Tidbit #4

Please state your name for the record,” Jonas said.

“Soeuc Kingan,” Soeuc said, leaning into the microphone.  Jonas waved him off of it and shook his head.

“And why are you here today Mr. Kingan?”

“Uh, well…  I’ve been conducting a series of experiments over the last few years–”

“Experiments involving what?” Jonas asked sharply.

“Tide.  More specifically, the mechanism by which Tide occurs in the soil of the planet, and its effect on local organisms.”

“And you are putting this research on record for what purpose?”

“For the…”  Soeuc trailed off and started patting his pockets.  When he had found what he was looking for he held up a finger to Jonas with his free hand and produced a small puffer with his other.  He took a deep puff and then, waiting for only a moment, took another.  His bright, oddly coloured eyes surged with colour for a moment and his W shaped pupils constricted.

The sight of it made Jonas shudder, though he did his best to hide it.  “Let the record show that Mr. Kingan took two doses of Tide during this time.”

Soeuc exhaled in agitation, but kept himself in check.  “Where was I…?” he mumbled.  His eyes darted back and forth for a moment, as if reading through a books worth of data in his mind.  “Ah, yes.  I’m putting the research on record because I believe it to be significant to our understanding of Tide production and, more importantly, its origin.”

Jonas looked at Soeuc with a complex expression on his face, and then motioned for him to continue.

“We know Tide’s effects on human biology.  We know that it enhances different abilities in different people.  With some, it makes their reflexes and strength beyond that of a normal human.  With others, like myself, it affects only the mind, increasing problem solving skills, mathematical prowess and so on.  Some people aren’t affected by it at all, and others react so violently they can die from it.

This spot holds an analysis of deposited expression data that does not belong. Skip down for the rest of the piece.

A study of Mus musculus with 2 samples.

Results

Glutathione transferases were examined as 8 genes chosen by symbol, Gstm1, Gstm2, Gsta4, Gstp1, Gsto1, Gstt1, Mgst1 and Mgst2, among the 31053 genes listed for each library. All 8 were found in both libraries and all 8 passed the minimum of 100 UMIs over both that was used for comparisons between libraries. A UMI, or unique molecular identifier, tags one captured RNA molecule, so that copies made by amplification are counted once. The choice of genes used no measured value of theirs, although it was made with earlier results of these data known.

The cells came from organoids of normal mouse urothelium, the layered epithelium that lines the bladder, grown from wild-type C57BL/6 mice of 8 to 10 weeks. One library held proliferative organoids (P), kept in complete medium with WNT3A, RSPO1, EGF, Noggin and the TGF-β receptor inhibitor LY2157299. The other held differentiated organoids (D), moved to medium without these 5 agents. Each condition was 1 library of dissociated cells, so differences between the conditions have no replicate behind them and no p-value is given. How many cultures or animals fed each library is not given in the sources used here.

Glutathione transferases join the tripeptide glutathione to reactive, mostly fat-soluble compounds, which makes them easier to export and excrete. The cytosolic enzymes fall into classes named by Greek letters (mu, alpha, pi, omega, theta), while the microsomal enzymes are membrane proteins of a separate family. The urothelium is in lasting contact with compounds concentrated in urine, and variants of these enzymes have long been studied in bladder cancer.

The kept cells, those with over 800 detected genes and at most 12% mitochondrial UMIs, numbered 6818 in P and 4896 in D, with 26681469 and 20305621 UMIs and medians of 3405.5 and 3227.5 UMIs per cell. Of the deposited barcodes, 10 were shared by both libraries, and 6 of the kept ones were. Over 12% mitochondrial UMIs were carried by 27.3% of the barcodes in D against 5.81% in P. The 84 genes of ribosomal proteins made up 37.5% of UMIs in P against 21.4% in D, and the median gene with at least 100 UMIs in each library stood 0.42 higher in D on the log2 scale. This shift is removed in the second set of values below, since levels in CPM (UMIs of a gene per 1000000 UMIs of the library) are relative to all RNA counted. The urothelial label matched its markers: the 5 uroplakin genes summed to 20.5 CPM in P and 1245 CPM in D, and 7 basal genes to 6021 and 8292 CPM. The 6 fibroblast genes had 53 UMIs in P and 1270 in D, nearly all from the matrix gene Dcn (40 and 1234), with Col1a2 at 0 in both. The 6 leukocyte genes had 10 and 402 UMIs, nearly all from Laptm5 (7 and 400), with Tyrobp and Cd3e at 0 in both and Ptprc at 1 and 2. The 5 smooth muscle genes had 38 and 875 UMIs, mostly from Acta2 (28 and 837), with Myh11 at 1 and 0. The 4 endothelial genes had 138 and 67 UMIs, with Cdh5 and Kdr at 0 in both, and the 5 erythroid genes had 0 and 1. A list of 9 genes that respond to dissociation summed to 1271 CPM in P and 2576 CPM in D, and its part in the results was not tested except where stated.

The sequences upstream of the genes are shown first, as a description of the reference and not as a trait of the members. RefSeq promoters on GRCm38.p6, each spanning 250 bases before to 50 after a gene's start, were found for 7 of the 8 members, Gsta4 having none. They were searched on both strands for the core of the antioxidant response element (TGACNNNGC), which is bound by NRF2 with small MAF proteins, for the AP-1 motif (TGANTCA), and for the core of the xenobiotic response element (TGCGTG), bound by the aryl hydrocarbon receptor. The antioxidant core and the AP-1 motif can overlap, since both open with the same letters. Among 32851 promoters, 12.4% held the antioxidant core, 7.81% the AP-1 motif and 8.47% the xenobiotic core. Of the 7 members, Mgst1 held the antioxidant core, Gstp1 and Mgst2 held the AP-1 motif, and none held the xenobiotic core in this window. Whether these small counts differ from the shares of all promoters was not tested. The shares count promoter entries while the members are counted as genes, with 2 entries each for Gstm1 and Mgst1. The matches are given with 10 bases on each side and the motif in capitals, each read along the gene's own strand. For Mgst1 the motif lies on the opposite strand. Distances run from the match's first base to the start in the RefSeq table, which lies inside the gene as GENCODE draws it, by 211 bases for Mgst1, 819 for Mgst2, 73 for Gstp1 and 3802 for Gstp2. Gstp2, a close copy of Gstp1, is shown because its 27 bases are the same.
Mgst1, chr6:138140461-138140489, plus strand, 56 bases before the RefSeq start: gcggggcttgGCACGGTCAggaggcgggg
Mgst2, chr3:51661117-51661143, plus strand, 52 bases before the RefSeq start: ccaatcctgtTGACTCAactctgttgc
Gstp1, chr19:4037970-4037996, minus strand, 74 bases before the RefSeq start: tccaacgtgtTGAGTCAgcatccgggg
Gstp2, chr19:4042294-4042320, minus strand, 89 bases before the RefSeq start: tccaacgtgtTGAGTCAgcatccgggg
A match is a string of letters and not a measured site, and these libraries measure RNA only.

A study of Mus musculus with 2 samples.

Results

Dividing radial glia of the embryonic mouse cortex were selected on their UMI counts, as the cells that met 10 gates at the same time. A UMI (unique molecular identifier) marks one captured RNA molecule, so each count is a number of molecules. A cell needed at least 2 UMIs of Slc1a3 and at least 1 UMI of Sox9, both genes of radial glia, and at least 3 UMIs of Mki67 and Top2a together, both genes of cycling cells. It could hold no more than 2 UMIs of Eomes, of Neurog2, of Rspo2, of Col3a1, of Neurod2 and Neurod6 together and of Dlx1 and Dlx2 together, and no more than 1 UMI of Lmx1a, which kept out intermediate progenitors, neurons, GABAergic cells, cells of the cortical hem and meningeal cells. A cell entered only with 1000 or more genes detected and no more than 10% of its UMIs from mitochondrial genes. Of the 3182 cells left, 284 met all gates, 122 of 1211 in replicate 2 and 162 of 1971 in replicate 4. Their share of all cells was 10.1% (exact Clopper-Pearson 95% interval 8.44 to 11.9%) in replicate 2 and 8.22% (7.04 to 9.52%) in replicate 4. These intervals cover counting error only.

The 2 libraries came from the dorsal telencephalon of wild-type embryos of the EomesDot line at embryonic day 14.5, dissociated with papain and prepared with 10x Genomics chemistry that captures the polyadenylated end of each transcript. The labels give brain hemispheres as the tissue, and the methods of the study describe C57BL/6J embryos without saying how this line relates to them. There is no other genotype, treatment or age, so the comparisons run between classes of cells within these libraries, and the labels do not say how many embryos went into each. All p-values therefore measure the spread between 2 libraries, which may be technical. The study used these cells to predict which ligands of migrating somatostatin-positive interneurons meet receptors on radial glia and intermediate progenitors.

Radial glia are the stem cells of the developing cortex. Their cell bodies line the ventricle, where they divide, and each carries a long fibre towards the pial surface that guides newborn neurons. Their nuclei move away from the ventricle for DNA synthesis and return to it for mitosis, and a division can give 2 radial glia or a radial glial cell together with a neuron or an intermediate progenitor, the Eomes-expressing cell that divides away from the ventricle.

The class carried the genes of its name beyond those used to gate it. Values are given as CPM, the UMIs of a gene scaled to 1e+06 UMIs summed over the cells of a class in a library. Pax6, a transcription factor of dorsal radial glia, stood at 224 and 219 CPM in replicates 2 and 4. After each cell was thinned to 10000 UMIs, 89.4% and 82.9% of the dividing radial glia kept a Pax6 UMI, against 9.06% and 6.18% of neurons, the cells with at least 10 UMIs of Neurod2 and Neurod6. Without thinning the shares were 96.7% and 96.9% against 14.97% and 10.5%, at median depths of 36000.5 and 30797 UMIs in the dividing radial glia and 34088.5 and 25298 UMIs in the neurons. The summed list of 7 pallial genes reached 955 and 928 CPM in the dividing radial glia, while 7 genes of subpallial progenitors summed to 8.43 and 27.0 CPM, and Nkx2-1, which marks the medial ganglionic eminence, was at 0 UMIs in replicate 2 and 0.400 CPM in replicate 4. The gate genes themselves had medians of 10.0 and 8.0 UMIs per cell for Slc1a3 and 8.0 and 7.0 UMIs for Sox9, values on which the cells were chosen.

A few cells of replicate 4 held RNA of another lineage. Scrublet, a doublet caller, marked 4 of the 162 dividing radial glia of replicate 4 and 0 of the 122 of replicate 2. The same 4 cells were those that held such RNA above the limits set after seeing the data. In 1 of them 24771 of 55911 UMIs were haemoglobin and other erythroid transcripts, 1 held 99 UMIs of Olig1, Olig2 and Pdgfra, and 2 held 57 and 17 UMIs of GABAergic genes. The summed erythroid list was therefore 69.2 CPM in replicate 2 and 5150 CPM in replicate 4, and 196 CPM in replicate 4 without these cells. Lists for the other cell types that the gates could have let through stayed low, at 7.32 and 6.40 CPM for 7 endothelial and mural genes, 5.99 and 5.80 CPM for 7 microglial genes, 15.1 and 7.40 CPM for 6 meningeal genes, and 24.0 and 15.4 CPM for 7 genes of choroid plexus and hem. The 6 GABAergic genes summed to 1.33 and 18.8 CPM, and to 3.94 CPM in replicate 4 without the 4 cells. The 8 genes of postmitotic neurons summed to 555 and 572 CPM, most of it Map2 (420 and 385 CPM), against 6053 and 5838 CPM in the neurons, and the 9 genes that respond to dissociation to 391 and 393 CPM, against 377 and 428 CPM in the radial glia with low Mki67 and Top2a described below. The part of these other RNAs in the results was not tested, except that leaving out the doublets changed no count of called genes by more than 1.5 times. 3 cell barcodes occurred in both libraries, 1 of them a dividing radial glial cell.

“The assumption that follows is that it would have the same effect on plant life and animals where Tide naturally occurs.  When I started this research I had expected to find animals that had become better in some way.  Stronger and faster predators, animals that no longer had to scrounge for food due to methods they had invented using their relatively superior intelligence.

“What I found was quite the opposite.  In over two thousand case studies, not one animal I found had received any kind of benefit from ingesting Tide.  Over ninety-six percent of the animals I studied died within two weeks of ingestion.  Those that did survive were subject to horrifying deformities and severe mental retardation and died either due to a lack of food or the inability to protect itself.

“During this time I also studied Tide’s affect on plant life.  Although not as severe, I again found that the results of my studies ran in the face of what one would expect.  Forty-three percent of all plant life died outright when exposed to Tide.  Those that did survive had a severely reduced seed count and lifespan.